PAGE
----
Knudsen embodies leadership, work ethic


By MARY CLOUD TAYLOR

Daily Inter Lake

The 2018 graduating class of Columbia Falls High School will take with it a student whose influence, according to his coach and other school faculty, helped pave the way for the track team’s distance runners.

Gabe Knudsen, 18, started running long distance on the Columbia Falls track and cross-country teams when he was in the seventh grade, after some encouragement from his parents, Rowdy and Kris Knudsen.

Knudsen said he was hooked after that first season, but he didn’t step onto the track as the star runner he is today.

According to Columbia Falls High School assistant coach Colleen Finberg, Knudsen worked for every inch he got. By his sophomore year, she said, he was good but not the best, and there were some runners on the team who outshined him.

He came to understand that he would have to work hard to get better, Finberg said.

However, Finberg said Knudsen has shown a work ethic uncommon in people his age. Now a senior, he has helped his team take third place in the state championships, medaled fourth in the state individually and achieved the status of one of the top 10 long-distance runners in Montana.

“You get out of it what you put into it,” Knudsen said of the sport.

Knudsen’s influence on the team goes beyond his running ability, according to Finberg, who said he has been invaluable in motivating and mentoring the rest of the team, especially underclassmen.

“Gabe really just took all the freshmen under his wing. I definitely appreciated his leadership,” Finberg said. “He doesn’t expect anything to come easily, and that work ethic translated into those four freshmen.”

Knudsen looked out for one freshman in particular, cheering him on at meets, giving him rides to and from practice and checking in on him daily outside of practice.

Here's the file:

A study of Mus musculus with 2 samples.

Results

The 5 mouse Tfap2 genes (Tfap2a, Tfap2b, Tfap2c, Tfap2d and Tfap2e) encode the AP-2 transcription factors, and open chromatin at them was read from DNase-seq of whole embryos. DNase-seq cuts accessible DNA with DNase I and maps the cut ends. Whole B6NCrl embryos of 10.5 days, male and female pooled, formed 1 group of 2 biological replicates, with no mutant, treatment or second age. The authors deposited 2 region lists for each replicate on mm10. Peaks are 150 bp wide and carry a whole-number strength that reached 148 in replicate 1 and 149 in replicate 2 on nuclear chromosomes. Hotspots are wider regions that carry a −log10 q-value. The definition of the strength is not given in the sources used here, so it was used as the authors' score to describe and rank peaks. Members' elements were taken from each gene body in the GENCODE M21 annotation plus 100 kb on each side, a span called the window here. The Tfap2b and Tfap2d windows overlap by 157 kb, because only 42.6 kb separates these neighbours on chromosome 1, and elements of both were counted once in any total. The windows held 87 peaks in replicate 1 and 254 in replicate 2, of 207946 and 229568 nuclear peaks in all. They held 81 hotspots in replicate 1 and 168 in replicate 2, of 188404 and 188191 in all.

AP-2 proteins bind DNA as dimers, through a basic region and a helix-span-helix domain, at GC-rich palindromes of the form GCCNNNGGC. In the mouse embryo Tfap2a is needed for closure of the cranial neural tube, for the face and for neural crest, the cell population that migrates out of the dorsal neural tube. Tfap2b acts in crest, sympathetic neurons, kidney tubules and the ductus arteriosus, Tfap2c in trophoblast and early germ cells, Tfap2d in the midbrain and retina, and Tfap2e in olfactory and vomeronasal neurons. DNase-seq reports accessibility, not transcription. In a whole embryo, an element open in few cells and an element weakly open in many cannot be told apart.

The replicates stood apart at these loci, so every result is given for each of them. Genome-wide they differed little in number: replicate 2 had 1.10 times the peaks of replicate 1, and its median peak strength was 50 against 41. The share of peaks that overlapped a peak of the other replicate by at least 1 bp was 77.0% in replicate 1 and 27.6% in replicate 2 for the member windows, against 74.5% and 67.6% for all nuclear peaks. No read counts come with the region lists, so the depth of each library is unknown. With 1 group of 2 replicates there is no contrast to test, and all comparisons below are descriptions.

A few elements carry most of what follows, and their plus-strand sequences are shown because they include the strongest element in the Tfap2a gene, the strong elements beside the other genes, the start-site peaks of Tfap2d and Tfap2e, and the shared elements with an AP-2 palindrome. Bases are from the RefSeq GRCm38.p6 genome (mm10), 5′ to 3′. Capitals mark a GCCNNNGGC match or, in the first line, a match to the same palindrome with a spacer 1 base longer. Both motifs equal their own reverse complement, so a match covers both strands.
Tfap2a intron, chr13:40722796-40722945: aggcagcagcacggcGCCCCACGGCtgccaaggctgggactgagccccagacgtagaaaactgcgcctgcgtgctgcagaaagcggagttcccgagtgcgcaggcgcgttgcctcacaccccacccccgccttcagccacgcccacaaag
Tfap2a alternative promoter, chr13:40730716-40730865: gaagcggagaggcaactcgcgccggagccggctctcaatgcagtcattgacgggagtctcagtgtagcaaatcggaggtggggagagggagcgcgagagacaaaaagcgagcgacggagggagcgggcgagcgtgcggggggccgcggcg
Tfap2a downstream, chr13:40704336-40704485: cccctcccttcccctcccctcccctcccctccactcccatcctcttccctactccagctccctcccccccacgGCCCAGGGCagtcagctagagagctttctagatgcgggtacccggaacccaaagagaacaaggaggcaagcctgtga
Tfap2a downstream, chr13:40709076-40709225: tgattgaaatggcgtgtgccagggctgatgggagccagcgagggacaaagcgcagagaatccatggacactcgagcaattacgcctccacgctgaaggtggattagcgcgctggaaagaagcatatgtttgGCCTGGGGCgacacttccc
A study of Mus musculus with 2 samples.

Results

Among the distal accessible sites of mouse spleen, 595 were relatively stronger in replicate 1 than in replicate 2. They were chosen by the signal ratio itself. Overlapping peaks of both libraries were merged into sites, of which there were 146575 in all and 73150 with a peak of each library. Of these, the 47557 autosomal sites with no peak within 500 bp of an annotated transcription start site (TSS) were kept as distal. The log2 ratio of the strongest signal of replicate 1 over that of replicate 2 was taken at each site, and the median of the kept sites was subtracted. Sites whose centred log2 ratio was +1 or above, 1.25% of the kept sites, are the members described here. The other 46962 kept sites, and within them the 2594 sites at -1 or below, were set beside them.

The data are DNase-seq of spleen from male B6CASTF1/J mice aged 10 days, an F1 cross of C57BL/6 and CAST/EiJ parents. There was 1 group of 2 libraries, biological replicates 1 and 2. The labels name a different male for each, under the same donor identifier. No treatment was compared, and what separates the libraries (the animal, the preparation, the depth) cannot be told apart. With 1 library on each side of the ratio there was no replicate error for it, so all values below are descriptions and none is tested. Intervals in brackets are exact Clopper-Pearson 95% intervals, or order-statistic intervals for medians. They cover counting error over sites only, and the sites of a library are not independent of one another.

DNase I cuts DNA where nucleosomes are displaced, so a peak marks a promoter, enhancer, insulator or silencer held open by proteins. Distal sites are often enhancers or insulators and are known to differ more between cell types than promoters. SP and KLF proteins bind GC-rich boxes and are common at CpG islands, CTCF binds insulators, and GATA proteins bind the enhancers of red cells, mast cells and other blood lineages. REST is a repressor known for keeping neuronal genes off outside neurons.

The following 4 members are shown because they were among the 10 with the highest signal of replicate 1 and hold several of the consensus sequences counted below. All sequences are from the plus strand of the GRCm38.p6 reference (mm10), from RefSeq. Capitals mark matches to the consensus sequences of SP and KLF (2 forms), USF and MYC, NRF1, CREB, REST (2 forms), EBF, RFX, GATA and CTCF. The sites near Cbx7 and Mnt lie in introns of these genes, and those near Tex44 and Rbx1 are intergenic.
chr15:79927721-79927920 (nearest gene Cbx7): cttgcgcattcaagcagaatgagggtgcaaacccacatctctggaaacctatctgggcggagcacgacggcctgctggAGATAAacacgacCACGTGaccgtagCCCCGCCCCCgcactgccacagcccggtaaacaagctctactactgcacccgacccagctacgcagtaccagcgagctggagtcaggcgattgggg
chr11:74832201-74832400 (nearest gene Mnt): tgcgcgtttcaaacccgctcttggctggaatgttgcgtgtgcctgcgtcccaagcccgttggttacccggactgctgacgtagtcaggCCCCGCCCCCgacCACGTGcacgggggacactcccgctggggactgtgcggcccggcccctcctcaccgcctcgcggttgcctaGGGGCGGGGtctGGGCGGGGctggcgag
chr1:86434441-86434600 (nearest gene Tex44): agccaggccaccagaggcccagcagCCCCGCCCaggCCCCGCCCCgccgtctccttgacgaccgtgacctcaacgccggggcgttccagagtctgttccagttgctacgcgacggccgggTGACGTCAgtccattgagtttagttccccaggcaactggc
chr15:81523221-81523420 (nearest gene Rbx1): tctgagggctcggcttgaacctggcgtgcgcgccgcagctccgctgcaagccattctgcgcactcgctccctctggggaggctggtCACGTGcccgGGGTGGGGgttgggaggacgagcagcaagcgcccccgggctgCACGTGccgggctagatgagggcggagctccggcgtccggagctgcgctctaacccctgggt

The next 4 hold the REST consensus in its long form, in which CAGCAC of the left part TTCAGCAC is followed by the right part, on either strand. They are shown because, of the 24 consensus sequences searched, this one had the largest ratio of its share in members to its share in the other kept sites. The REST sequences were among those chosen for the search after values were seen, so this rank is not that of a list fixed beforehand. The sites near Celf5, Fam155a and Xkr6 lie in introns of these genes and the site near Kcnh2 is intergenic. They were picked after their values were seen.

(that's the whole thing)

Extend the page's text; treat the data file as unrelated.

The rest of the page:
When the student’s running shoes began to show signs of wear, Finberg said it was Knudsen who approached the track coaches to ask if there was something they could do, offering to pitch in to help purchase new ones if needed.

When the coaches gathered together to purchase the shoes themselves, Knudsen already knew what size shoe the young runner would need.

“He definitely doesn’t think about himself much,” Finberg said. “He’s so laid back that he doesn’t act like he’s the best runner on the team.”

According to Knudsen, he’s never thought of himself as much of a mentor, either.

“I just always saw it as being a friend. Everyone deserves a friend,” he said.

Now finishing up her fifth season as a coach for Columbia Falls, Finberg took over for the long distance section of the track team this year. The transition into their last year with a new coach might be hard for most seniors but Knudsen was an exception, said Finberg.

He quietly accepted her authority as coach and continued to act as a leader for the team, helping her get to know her runners better and encouraging them to continue working as hard as he has in years past.

“He stepped up without having to be asked, not because he felt like he had to, but because he just wanted to be helpful,” Finberg said. “He definitely understands what it means to be a leader without even trying.”

On race day, Finberg said Knudsen checks in on younger runners, asking whether they’ve eaten, what they’ve eaten and how they’re feeling.

During practices, she said she never has to worry about any of the athletes slacking off or falling behind because of Knudsen’s motivation and encouragement driving the team on.

“I don’t ever have to worry about them because Gabe pushes them and watches out for them,” Finberg said.

She said she has never seen Knudsen get frustrated or angry over a run or race, and though she knows how hard he’s worked to get where he is, she said he’s made it to the end with his humility intact and without losing his sense of fun while running.

Knudsen said he plans to attend Montana Tech in Butte this fall and major in either mechanical engineering or petroleum engineering.

Though he and his coach were disappointed that the school lacks a running program, Knudsen said he plans to keep running in his free time.

After 12 years at Columbia Falls schools, Knudsen said he isn’t sure how to feel about graduating.

“It’s weird because all my classes are coming to an end,” he said. “It’s scary. I’m all signed up for college and got my dorm room and my roommate.”

Finberg said she and the team will miss Knudsen once he’s gone, but she’s hopeful that his influence will inspire others.

“He’s a great example of what that work ethic can get you,” Finberg said. “I really hope that we get somebody like him to step up and be a leader on our team.”

Reporter Mary Cloud Taylor can be reached at 758-4459 or mtaylor@dailyinterlake.com.